Dr. Lindsey Shields is the Director of Training of the Global Health Program at the Smithsonian Institution in Washington DC. Dr. Shields studied Animal Science as an undergraduate student at Virginia-Tech and earned her DVM degree from the Virginia-Maryland College of Veterinary Medicine in 2011, where she took the public-corporate track with a focus on Public Health and Epidemiology. Immediately after graduating, Dr. Shields began her career as a consultant for the Food and Agriculture Organization of the United Nations (FAO). While with the FAO, she spent two years in Rome focusing on wildlife health and ecology issues, and another year in Addis Ababa, Ethiopia working on food safety programs in East Africa. As the Intervention Manager for the Livestock and Leather Industry for DAI, an international development company, Dr. Shields spent another 10 months in Addis Ababa researching the livestock and leather sectors in Ethiopia to identify business opportunities to benefit the poor. During the two years immediately preceding her current position at the Smithsonian Institution, Dr. Shields was an Epidemic Intelligence Service Officer in the Waterborne Disease Prevention Branch at the CDC, during which time she participated in various international responses including the Typhoid Fever Outbreak Response in Zimbabwe, the Cholera Outbreak Response in Tanzania and the Ebola Outbreak Response in Sierra Leone.
During our talk, Dr. Shields and I discuss:
- How she always thought she’d end up as an Equine Veterinarian, and what changed her mind
- Some of her amazing experiences as a fourth year veterinary student on the public corporate track
- How her rotation in Rome as a vet student turned into a job offer that lead to a two years working in Rome, and another year in Addis Ababa, Ethiopia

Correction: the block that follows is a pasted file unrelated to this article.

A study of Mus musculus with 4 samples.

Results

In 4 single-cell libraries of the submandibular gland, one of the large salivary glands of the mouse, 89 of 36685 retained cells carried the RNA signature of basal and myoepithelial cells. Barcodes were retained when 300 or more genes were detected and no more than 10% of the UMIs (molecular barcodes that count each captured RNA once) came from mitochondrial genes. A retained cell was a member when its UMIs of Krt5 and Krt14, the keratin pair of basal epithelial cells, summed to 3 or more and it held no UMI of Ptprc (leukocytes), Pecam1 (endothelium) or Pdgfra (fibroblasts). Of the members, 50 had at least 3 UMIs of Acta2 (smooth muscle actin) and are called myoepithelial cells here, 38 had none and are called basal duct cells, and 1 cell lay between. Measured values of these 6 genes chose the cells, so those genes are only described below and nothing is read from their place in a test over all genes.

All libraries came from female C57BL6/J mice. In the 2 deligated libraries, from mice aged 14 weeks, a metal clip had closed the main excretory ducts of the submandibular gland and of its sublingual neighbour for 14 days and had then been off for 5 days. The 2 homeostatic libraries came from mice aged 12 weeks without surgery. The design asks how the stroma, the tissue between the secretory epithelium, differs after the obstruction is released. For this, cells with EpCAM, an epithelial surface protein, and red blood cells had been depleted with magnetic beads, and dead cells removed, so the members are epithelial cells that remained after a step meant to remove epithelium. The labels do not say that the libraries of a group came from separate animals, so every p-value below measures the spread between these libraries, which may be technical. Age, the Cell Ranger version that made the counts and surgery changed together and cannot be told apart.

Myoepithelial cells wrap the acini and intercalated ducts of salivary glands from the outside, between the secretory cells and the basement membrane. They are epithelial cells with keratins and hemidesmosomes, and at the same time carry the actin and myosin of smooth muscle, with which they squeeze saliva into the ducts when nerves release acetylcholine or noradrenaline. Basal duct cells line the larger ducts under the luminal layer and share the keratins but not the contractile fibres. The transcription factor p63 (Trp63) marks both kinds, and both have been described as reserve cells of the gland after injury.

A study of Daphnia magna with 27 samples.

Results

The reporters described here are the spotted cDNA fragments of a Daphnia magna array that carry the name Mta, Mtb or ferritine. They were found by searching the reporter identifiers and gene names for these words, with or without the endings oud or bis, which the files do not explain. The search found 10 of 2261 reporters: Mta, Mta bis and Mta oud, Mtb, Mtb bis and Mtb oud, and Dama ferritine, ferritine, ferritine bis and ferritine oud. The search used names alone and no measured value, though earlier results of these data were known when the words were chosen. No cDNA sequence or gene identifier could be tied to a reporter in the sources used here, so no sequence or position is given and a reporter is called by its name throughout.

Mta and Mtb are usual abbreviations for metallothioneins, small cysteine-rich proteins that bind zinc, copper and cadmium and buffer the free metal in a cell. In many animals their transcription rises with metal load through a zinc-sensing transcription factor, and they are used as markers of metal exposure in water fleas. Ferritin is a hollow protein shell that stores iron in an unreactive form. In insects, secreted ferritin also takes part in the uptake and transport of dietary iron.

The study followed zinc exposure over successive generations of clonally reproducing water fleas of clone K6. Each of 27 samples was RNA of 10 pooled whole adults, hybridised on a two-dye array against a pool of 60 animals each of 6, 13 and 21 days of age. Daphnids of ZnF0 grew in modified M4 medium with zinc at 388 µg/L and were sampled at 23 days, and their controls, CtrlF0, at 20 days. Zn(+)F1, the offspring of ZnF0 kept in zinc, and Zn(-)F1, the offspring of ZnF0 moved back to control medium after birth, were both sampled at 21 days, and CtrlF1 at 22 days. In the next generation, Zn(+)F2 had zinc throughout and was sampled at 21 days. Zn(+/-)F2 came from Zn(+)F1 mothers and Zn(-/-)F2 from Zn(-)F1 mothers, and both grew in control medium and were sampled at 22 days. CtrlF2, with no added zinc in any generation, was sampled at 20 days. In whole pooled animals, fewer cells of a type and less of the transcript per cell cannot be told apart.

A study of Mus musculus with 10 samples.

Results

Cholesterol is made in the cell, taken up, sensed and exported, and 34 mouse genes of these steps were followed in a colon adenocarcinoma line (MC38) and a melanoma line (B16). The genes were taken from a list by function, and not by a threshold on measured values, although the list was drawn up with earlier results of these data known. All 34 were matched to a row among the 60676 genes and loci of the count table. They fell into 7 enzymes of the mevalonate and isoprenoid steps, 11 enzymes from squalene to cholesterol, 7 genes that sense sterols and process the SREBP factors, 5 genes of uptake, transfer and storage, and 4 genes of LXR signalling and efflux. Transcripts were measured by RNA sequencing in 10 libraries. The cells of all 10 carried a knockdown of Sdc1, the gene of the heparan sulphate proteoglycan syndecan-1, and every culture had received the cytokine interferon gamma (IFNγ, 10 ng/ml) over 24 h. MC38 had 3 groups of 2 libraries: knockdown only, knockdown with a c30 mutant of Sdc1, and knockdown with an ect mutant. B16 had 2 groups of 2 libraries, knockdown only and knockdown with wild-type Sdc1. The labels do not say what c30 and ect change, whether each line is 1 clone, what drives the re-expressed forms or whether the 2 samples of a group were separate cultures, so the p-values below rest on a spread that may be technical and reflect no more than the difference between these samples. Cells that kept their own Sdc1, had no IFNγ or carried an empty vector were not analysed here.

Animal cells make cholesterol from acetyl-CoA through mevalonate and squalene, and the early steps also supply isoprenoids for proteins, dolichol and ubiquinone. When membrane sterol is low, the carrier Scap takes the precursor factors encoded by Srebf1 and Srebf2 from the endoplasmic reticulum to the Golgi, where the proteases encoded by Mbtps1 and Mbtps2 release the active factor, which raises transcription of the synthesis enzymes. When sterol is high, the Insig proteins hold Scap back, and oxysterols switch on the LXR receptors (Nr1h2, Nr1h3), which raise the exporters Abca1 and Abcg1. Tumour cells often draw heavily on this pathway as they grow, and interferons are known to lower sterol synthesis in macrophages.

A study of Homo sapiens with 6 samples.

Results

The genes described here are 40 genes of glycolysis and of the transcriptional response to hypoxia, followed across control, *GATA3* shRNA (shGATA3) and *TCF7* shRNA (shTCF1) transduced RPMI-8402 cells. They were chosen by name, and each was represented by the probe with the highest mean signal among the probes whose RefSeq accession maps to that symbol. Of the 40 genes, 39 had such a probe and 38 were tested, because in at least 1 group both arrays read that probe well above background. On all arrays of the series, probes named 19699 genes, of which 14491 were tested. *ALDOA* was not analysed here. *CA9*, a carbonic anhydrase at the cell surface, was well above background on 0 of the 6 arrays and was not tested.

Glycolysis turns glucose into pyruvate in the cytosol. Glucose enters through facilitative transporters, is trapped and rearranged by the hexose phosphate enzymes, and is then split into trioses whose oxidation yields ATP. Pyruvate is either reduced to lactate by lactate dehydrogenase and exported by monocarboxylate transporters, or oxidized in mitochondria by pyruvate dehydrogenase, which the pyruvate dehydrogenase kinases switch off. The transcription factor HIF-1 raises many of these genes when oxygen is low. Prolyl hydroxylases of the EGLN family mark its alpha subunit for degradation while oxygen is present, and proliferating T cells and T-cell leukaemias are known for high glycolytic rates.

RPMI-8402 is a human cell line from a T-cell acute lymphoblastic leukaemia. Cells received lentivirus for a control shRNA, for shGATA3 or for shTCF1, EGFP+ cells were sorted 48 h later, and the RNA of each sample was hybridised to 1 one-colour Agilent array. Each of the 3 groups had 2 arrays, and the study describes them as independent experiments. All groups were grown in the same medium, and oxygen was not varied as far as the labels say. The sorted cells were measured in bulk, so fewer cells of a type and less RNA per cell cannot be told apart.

- What it was like to live in Addis Ababa
- The many, varied projects she worked on while with the FAO, and the self-directed learning required
- Her advice on advocating for yourself and negotiating salary increases
- The fellowship she completed at the CDC and her experiences being a part of the response team to the Ebola Outbreak in Sierra Leone, including the importance of considering cultural differences in international work
- How the Global Health Program at the Smithsonian developed, and is now based at the National Zoo
- The responsibilities of her current position, which are focused on international capacity building, wildlife health research and emerging infectious diseases, which includes working with the PREDICT Project in Myanmar and Kenya
The Epidemiology Elective Program (EEP) introduces medical and veterinary students to applied epidemiology, public health, and global health* through hands-on experience and mentorship by CDC subject matter experts. This program offers 6- or 8-week rotations largely based at CDC in Atlanta, Georgia.
Dr. Shields has generously offered guidance if you’re seriously considering pursuing this fellowship and can be reached at email@example.com
Click here to watch the video of this interview on YouTube.
If you would like to thank Dr. Shieds for sharing her amazing stories to inspire future veterinarians to stay open, think outside the box, think big, take risks, and “be brave”, please consider making a donation to her favorite charity, City Dogs Rescue in DC.
If you’d like to read a good primer about epidemiology, The Ghost Map by Steven Johnson tells an intriguing story about the 1854 cholera outbreak in London and the birth of epidemiology.
For a book that specifically covers the EIS program, Dr. Shields recommends Inside the Outbreaks: The Elite Medical Detectives of the Epidemic Intelligence Service. She says it’s full of stories about how the EIS program came to be and great short stories about the work that EIS officers have done on major international disease outbreaks. I just started reading this myself!